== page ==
Millions of us use price comparison sites to compare insurance policies before we buy. It’s made comparing insurance much quicker and can save you money, but there is a danger that you may end up with the wrong insurance policy or with one that doesn’t do what you expected it to. I’ve bought my household insurance through a price comparison site and by using a broker (currently, it’s been arranged by a broker). Here’s what you should bear in mind.
Update 16th July
The financial regulator, the FCA, has said that price comparison sites were failing – because they didn’t meet consumers’ expectations and – in some cases – the FCA rules. It said that people buy products on price and don’t always know how much cover they are getting (because the price comparison websites don’t make this clear). Some people believed that price comparison sites were acting like online brokers, and finding the best policy for them and quoting a price, whereas the sites have no idea whether or not the policies they’re quoting details of are any good for you.
End of update
How they are paid
Price comparison sites are paid a fee if you buy a product through them.
– It’s in their interest that we switch to a new company every year. If you happily stayed with the same company year after year and renewed directly, they wouldn’t make any money.
– Some are owned by insurance companies. For example, Confused.com is owned by Admiral (which owns esure, elephant and Diamond). Gocompare is 50% owned by esure and Compare the market is owned by the Budget Group.
SAVVY TIP: The ones that are owned by insurance companies say they don’t favour policies from the companies that own them.
Comparing policies online
I compared household insurance at Moneysupermarket and GoCompare. Both came up with a range of policies from cheap to more expensive than I’m currently paying: However:
– In all cases, the cheapest policies had quite high excess levels (much higher than the excess levels I’d typed in when I filled in the forms online).
– Some of the company names were unfamiliar. Without doing a bit of your own research about them, you may not know who’s behind them.
– Policy documents are often 20 pages, while one I skim read was 40 pages. So, unless you’re prepared to check the details of these, you still won’t actually know what cover you’re getting.
What to look for
Saving money on your insurance is well worth doing. And I’d definitely recommend shopping around if you’ve never switched insurance as you’ll be able to make some real savings. However:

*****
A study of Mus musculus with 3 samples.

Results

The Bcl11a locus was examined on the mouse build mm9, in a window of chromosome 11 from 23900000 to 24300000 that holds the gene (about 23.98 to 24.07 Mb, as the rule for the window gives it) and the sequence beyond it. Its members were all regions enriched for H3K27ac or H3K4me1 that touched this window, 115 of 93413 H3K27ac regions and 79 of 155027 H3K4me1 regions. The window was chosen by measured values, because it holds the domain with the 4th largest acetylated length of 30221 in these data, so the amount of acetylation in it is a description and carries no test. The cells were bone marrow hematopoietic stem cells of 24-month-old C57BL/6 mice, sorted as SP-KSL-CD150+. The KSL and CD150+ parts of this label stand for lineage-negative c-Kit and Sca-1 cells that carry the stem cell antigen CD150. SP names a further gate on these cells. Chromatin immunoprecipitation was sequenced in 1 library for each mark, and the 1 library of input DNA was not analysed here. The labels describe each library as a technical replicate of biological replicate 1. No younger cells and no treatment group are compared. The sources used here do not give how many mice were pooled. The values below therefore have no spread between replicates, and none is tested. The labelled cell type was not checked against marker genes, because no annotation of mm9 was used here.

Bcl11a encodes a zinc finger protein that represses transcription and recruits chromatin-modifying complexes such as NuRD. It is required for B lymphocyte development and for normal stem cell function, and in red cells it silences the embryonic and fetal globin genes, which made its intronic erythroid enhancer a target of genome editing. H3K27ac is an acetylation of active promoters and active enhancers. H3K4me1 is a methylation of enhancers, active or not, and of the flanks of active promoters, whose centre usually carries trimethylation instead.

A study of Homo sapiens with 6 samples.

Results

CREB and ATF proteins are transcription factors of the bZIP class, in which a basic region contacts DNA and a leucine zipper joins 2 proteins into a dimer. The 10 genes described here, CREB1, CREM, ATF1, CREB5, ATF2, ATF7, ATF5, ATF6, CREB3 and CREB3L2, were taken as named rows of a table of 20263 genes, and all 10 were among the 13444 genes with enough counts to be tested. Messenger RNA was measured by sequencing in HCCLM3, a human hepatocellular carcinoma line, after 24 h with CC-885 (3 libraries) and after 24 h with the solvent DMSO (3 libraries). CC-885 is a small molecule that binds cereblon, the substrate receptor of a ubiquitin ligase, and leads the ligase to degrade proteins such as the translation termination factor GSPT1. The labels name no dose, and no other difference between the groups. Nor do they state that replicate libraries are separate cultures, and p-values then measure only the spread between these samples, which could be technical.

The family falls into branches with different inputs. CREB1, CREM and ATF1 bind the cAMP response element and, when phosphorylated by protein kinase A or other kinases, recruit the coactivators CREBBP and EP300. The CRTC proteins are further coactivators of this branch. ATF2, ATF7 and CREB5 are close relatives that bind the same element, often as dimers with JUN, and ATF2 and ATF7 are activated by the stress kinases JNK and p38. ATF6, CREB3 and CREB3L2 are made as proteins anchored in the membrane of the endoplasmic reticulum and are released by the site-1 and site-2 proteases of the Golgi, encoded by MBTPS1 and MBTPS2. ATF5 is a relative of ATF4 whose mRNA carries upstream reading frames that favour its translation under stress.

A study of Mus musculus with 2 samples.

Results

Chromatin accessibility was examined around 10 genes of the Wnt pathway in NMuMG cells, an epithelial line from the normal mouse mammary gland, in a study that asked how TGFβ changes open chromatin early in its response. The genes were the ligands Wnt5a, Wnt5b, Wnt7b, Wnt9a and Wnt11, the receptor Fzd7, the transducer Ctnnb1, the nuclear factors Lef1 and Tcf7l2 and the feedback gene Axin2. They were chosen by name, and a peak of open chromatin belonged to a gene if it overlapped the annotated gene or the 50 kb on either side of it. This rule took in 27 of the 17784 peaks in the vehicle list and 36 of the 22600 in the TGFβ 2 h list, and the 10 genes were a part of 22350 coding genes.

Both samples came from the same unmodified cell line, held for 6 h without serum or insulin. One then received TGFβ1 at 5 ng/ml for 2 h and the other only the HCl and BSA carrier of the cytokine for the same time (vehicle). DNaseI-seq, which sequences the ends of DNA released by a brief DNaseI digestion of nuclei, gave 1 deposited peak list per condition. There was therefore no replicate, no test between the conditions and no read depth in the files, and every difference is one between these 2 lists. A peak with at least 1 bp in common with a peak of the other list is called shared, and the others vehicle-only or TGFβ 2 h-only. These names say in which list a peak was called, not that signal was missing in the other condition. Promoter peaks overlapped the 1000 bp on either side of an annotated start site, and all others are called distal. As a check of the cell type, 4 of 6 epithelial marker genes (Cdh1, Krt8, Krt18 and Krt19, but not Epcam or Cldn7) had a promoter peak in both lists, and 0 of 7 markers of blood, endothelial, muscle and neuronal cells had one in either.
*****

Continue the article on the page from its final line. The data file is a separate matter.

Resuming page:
– When comparing policies online, be aware that the comparison site may well increase the excess. When I looked I said I wanted an excess of Â£100, but most policies carry a compulsory excess, so the excess levels could be up to Â£250 each on contents and buildings.
– You don’t want the cheapest policy — you want the one giving you the best value. The cheapest policies may not have the cover you need.
– Check the levels of cover for something called ‘trace and access’. This pays out for the cost of — for example —finding the source of leaking pipes in your kitchen and not just the cost of the damage. If, for example, you have to dig up your kitchen floor or rip out your units, that could cost a lot. You need at least Â£5,000 cover, preferably more.
– Also check how much cover you have for alternative accommodation. If you have to move out of your home, it’s normally because a disaster has happened — it’s been flooded or damaged by fire. That can take many months to repair. Some policies have low limits (may be as low as Â£15,000 — certainly several have Â£25,000). If you’re out of your home for nine months, that won’t go very far.
– Check the excess levels for water damage/burst pipe — some have a much higher excess.
– Lastly, check how the policy pays out. Some policies give you the choice of a replacement, cash or vouchers to spend online or on the high street. Some will offer vouchers as a default option and you have to fight to get cash or a replacement if you have — for example — valuable jewellery.
– Do a keyword search of the policy document PDF if there are particular parts of the policy you want to check. I always do this for ‘alternative accommodation’ limits, trace and access and exclusions.